We’ve been to Rome before and explored the ruins of the Roman Forum, the Coliseum, and the Pantheon. This time we wanted to explore further out and see the Roman countryside. We chose a day excursion to Frascati, Italy, nestled in the mountains at the end of the train line.
We started the morning at the Termini train station where we purchased our round-trip train ticket to Frascati. The 12-mile trip lasted about 30-minutes as we travel through Rome and started the long but steady climb to the Frascati train station.
There we were met by our drivers who took us to the Ceccarelli family vineyard. We were met by Paola. She is the 7th generation working this family vineyard. These mountains were created by volcanic activity millions of years ago and their fertile soil is perfect for growing grapes.
Paola told us that most of the grapes grown during the Roman Empire were white. The Romans preferred white wine for its sweetness, as sugar was only for the wealthy. Today, the region still primarily grows white grapes.
The Ceccarelli family brought the concept of raised vines supported by wires to this area. This allowed more air to flow around the grapes. The raised vines prevented mildew and rot which was caused by the moist mountain air and had been a serious problem.
Raised vines make a canopy allowing air to flow and prevent mildew and rot
Then we entered the original farmhouse and the cellars which were built in the 16th century. Paola pointed out several hidden rooms which were built to hide wine from the tax collectors hundreds of years ago.
For centuries, the Ceccarelli family sold grapes in bulk to other winemakers. In 2010, they created their own label, Antiche Terre Tuscolane. Its popular Frascati Superiore white wine pays homage to its past by featuring a drawing of the original farmhouse on its label.
After touring the cellars, we all gathered around two tables where we were served fresh bread baked that morning and olive oil that was recently pressed. Paolo explained the first pressings of olive oil are highly sought after. The flavor is at its peak, and its purity and quality are at their highest. And boy did it live up to that high billing.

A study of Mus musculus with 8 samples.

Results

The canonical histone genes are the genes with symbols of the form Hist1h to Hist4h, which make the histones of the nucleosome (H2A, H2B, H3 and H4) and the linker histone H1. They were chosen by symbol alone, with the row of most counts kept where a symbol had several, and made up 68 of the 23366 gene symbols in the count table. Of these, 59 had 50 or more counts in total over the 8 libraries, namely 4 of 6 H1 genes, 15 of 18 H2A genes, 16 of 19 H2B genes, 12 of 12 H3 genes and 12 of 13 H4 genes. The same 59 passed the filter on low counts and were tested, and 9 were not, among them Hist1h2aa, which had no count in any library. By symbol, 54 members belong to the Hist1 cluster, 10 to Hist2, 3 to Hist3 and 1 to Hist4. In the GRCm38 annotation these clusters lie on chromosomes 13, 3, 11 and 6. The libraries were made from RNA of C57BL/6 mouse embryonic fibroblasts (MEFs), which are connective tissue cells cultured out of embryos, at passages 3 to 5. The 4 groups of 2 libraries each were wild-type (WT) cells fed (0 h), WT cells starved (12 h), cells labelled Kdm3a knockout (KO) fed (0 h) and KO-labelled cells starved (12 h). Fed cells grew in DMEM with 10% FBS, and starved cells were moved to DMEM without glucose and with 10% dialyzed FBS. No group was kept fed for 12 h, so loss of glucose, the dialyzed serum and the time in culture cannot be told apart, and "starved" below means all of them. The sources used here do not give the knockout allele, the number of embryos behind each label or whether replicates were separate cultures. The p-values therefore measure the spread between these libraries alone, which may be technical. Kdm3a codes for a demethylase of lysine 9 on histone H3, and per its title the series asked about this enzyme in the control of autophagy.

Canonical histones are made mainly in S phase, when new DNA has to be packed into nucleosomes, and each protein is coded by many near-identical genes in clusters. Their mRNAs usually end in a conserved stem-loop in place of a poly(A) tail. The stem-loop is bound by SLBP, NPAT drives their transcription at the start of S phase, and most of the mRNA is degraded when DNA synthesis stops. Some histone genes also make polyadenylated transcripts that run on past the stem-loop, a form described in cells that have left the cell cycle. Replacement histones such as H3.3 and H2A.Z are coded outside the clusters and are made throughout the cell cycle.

With the olive oil and bread, we were served the vineyard’s own white wine – Frascati Superiore. It was a light and sweet white wine, with a yellow-golden color and scents of apricot, chamomile, and golden apple. It was delicious. I normally don’t drink wines because I have an allergic reaction to them. However, that didn’t happen with this wine, so I had several glasses and would have had even more. With the wine, Paola brought out locally made wine biscuits. Yes, the tradition of these biscuits are to be paired with local white wine. This recipe dates back for centuries. The cookies follow a simple (affordable) recipe and then are baked in a wood-fired oven. I could eat boxes of these, and in fact, I’ve since ordered a few dozen and had them shipped to me. The white wine was followed by a red wine from a neighboring vineyard.
During these tastings, we had time to meet all the other people in the group, and share our stories and our own adventures. It made for a very enjoyable time. New friends, new conversations, wonderful wines, and some sweets to go along with it all.
Piazza San Pietro with the papal-crossed keys
From there, we were off to tour Frascati. The early settlers probably arrived in the area around 200 BC. It was a favorite refuge from the oppressive summer heat in Rome. (Note – summer is not a good time to visit Rome. Go in late autumn or the spring.) The town endured centuries of wars and raids. During World War II, Frascati was heavily bombed with around half of its buildings destroyed because it housed the German General Headquarters for the Mediterranean area.
The village of Frascati
The town itself is quaint, with narrow roads winding through the village. We passed the fountain in Piazza San Pietro with the papal-crossed keys. Next we stopped by El Forno Cerailli. It is one of the last wood-burning ovens in metro-Rome. It was designated an Italian heritage site and given a special permit allowing it to continue to feed its wood ovens. Their bread and pastries have a wonderful smoky flavor. And they made my favorite biscuits that I had with my white wine.
The bakery started as Piazza Bambocci in a building dating back to 1380. The oven was purchased in the 1920s and the same oven is still producing bread, pizzas, and desserts. The oven has been in the family for 4 generations.
From there we went to enjoy a traditional Italian lunch with more local wine, and conversation with our new friends. After lunch, we walked around the city to appreciate its history and architecture. Then off to the train to take us back to Rome.